Are the lights going out for television?

After Netflix’s blockbuster earnings sent its stock soaring last week, the company’s chief executive made a prediction: TV as we know it is coming to an end.

Billions of people around the world will abandon remote controls and begin tapping video apps across an array of devices, Netflix chief executive Reed Hastings said. They will choose what to watch like they order food off an a-la-carte menu rather than be force-fed hundreds of channels. Instead of CBS, NBC and ABC, a new set of names will dominate, he said.

“As Internet TV grows from millions to billions, Netflix, HBO, and ESPN are leading the way,” Hastings wrote in a manifesto on Netflix’s future. “Internet TV will replace linear TV.”

Such ideas have been around since the introduction of high-quality video over the Internet. But earnings results from several technology giants this week showed that that vision is closer to becoming reality.

The number of consumers turning to Netflix and other online entertainment providers has taken even Wall Street by surprise. Netflix has 30 million U.S. subscribers, a bit more than HBO and about 9 million more than the nation’s biggest cable company, Comcast. Hastings audaciously projected Netflix’s audience to grow to as many as 90 million as it expands globally. Its revenue, which exceeded $1 billion for the first three months of 2013, was a record. Minutes after the figures were announced Monday, Netflix stock soared more than 23 percent.

In addition, Netflix and Amazon both touted their efforts this week to create original shows. Netflix’s “House of Cards” was hailed as a success by the company, helping draw more subscribers into its fold. This month, Amazon launched 14 original comedy and children’s shows – and it is allowing viewers to vote on which ones should be turned into full-blown series.

The fact that Silicon Valley is finding success with Hollywood-like ventures bodes ill for the traditional television model. While it is unlikely that cable TV will disappear altogether, Hastings conceded, the growth of Internet TV, accessible through apps on big and small screens alike, is putting a once-powerful television industry on its heels.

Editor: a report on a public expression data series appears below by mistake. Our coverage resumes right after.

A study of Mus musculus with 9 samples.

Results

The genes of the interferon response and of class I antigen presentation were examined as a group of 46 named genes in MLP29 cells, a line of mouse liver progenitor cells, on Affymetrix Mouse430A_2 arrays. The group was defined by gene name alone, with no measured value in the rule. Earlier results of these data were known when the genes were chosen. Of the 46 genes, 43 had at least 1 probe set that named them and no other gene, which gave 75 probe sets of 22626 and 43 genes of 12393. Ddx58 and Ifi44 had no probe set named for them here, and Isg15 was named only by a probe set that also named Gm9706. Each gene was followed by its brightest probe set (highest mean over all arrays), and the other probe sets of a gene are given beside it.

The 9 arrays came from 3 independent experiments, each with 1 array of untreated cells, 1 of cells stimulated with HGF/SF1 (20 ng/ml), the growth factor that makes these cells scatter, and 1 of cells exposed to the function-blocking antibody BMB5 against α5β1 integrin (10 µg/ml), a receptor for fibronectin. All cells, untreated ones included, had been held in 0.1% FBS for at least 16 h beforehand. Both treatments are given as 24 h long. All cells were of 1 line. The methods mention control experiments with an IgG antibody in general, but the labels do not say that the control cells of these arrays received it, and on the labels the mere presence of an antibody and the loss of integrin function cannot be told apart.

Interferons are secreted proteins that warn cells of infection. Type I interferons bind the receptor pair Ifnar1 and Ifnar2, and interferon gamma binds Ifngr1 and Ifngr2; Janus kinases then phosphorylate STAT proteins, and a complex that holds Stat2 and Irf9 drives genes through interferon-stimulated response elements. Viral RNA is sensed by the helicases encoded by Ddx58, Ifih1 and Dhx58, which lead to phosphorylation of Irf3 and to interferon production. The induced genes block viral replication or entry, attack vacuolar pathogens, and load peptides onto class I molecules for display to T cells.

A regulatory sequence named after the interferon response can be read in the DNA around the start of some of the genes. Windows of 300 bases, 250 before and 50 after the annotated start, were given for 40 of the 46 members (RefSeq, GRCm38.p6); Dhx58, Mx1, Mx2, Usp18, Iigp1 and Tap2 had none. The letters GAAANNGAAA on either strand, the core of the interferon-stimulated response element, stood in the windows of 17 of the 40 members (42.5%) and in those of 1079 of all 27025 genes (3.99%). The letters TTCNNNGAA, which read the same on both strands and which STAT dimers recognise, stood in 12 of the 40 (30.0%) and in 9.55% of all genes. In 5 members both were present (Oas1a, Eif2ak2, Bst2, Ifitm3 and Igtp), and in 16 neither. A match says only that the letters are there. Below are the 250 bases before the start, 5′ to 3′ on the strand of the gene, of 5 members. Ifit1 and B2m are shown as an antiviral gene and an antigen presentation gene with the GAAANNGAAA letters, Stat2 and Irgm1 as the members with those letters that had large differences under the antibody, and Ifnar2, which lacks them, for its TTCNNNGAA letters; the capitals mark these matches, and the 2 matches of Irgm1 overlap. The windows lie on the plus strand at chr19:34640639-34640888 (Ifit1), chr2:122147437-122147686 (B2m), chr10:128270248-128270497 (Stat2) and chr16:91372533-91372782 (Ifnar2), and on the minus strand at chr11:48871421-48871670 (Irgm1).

Some broadcasters have begun scrambling to catch up to online viewing habits.

This week, CBS announced an investment in online TV provider Syncbank, which can stream live shows on the Internet. Others, such as Fox and Univision, said they are considering pulling all of their shows off public airwaves, making the content accessible only through pay models. And a host of the major broadcasters last week renewed a legal fight against Aereo, which streams local broadcasts over the Internet for a small subscription fee.

For all of these efforts, the networks still have a way to go to make a name for themselves in Internet TV, analysts say.

Streaming Netflix videos take up one-third of all U.S. Internet bandwidth during peak traffic hours, and its average subscriber streams 87 minutes of video a day, according to BTIG Research. That makes the online service a major competitor of regular TV, analysts say.

More from other tech giants is on its way.

Amazon is expected to create a television streaming device, and perhaps a mobile phone, that would prominently display its online video service. Apple has been rumored to be working on a television that may bring an a-la-carte model to consumers. Both firms are expanding their array of devices that encourage people to buy individual shows and movies from their stores.

Although Apple and Amazon delivered mixed earnings reports this week, both companies said demand for a-la-carte content over the Web is soaring. Apple said sales of media on iTunes hit a record in the first quarter.

“Cord-cutting is going to happen. The fact that it hasn’t yet is simply because cable companies have been effective at maintaining bundles,” said Carl Howe, director of consumer research at the Yankee Group in Boston. “What these disrupters — Netflix, Hulu and Amazon — are doing is opening up more distribution possibilities for programmers, and that changes everything.”

For now, consumers are glued to live broadcast and cable TV, watching 4 1/2 hours daily, according to Nielsen research. That figure has barely budged in years, but Netflix may soon steal more of that viewing time, analysts say.

“As time spent with Netflix continues to grow, we suspect live and DVR’d TV viewing will fall,” said Richard Greenfield of BTIG Research. Netflix, HBO and ESPN, he added, are beginning to become more important brands than the major networks.

Indeed, the competitors Hastings worries about aren’t broadcasters with three letters in their name.

“The only thing that’s noticeably changed in the last 12 months is Hulu and Amazon bidding more aggressively,” Hastings told investors this week.